Metal

The Metal material type is a simple way to create polished or rough looking metal materials. It provides quick color adjustment, metal presets and simple settings for quick creation of metal materials.

Metal Type

The Metal material type gives you the option to control the metal by Color or by Measured material preset or complex IOR file. 

Color

The Color option provides a quick preset metal appearance with control over Color and Roughness

Color
This setting is visible when Metal Type is set to Color. This controls the color of reflected light on the metal surface. Select the color box to display the Color Picker and select the desired color.

Roughness
This adds microscopic levels of imperfections to the surface of the material when the values are increased. When this is set to 0, a material will appear perfectly smooth and polished. When the value is increased, the material will appear more rough as light is diffused across the surface.
You can also add a roughness texture by clicking the texture icon next to the roughness setting. Click the texture thumbnail to view and adjust the texture settings or right-click and select Delete to remove it.
Some of the Library materials have a slider icon next to the Roughness setting, in these cases extra adjustment controls have been added for finer tuning of the roughness.

Samples
A low samples setting (8 or lower) will tend to make the surface look more noisy, which will give a more imperfect and rough look. As you increase the value, the noise will even out more and provide a more evenly distributed roughness.

Measured

Metal Presets
The Measured option includes 13 scientifically accurate metal presets including Aluminum, Brass, Chromium, Copper, Gold, Iron Magnesium, Nickel, Niobium, Platinum, Silver, Titanium, and Zinc, along with the ability to load Complex IOR files (.ior, .nk, .csv). All metal presets and Custom IOR files provide the additional ability to add an anodized coating with control of Film Refractive Index, Film Extinction Coefficient, and Film Thickness.

Roughness
This adds microscopic levels of imperfections to the surface of the material when the values are increased. When this is set to 0, a material will appear perfectly smooth and polished. When the value is increased, the material will appear more rough as light is diffused across the surface.

Samples
A low samples setting (8 or lower) will tend to make the surface look more noisy, which will give a more imperfect and rough look. As you increase the value, the noise will even out more and provide a more evenly distributed roughness.

Anodized
Anodized settings are available for all metal presets selected from the Metal Type dropdown as well as loaded Complex IOR files. The colors you see when Anodized is enabled are the result of light interfering with itself in the anodized film and can therefore be hard to predict the outcome. However, the following setting descriptions will help you learn better how to control it.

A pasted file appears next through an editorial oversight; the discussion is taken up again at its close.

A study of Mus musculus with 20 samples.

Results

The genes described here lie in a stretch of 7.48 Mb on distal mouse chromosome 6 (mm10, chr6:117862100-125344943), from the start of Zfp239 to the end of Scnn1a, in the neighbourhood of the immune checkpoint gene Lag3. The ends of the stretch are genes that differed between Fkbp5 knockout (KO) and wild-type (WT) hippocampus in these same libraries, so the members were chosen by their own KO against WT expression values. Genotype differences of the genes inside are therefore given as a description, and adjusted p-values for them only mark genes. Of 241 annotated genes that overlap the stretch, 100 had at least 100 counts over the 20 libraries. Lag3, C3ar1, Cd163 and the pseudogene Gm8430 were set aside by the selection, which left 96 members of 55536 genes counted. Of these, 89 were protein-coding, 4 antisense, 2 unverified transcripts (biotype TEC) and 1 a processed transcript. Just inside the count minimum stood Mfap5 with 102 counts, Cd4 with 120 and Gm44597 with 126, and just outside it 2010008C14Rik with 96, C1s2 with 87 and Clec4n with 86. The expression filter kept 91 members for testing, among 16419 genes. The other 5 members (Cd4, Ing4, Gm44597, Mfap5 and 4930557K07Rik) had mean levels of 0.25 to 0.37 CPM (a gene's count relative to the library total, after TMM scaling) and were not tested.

Film Refractive Index
The Film Refractive Index setting for anodized metals provides more or less reflection on the surface. Increase the value to get more reflection intensity. The actual film color will be affected by the Refractive Index. However, you can shift the colors with the Film Thickness setting, so typically you will focus only on finding the desired amount of reflection with the Film Refractive Index setting.

Film Extinction Coefficient
The Film Refractive Index and Film Extinction Coefficient determines how light reflects and refracts through the thin film on the metal. The Film Extinction Coefficient controls the absorption of light through the film. For small to moderate values, a positive extinction coefficient will darken the color but large values will lead to a bright white metallic reflection. Use an extinction coefficient of 0 for dielectric coatings and use a non-zero extinction coefficient for metallic coatings.

Film Thickness
Changing the Film Thickness setting will shift the colors you see for the metal with Anodized enabled. Increasing the setting to a very high value will result in the effect of layers of colored rings on the surface. It is generally a good idea to stay within a range of 100-1000 nm.

Controlling Anodized Color

In general, a larger Film Thickness/Refractive Index leads to more colors and an Film Extinction Coefficient will darken colors and dampen variation. For all the metal presets, even if anodized is enabled or not, the color can depend on the viewing angle (just as with the color of real-world metals). You will notice slight color tints at grazing angles, especially for Gold and Aluminum.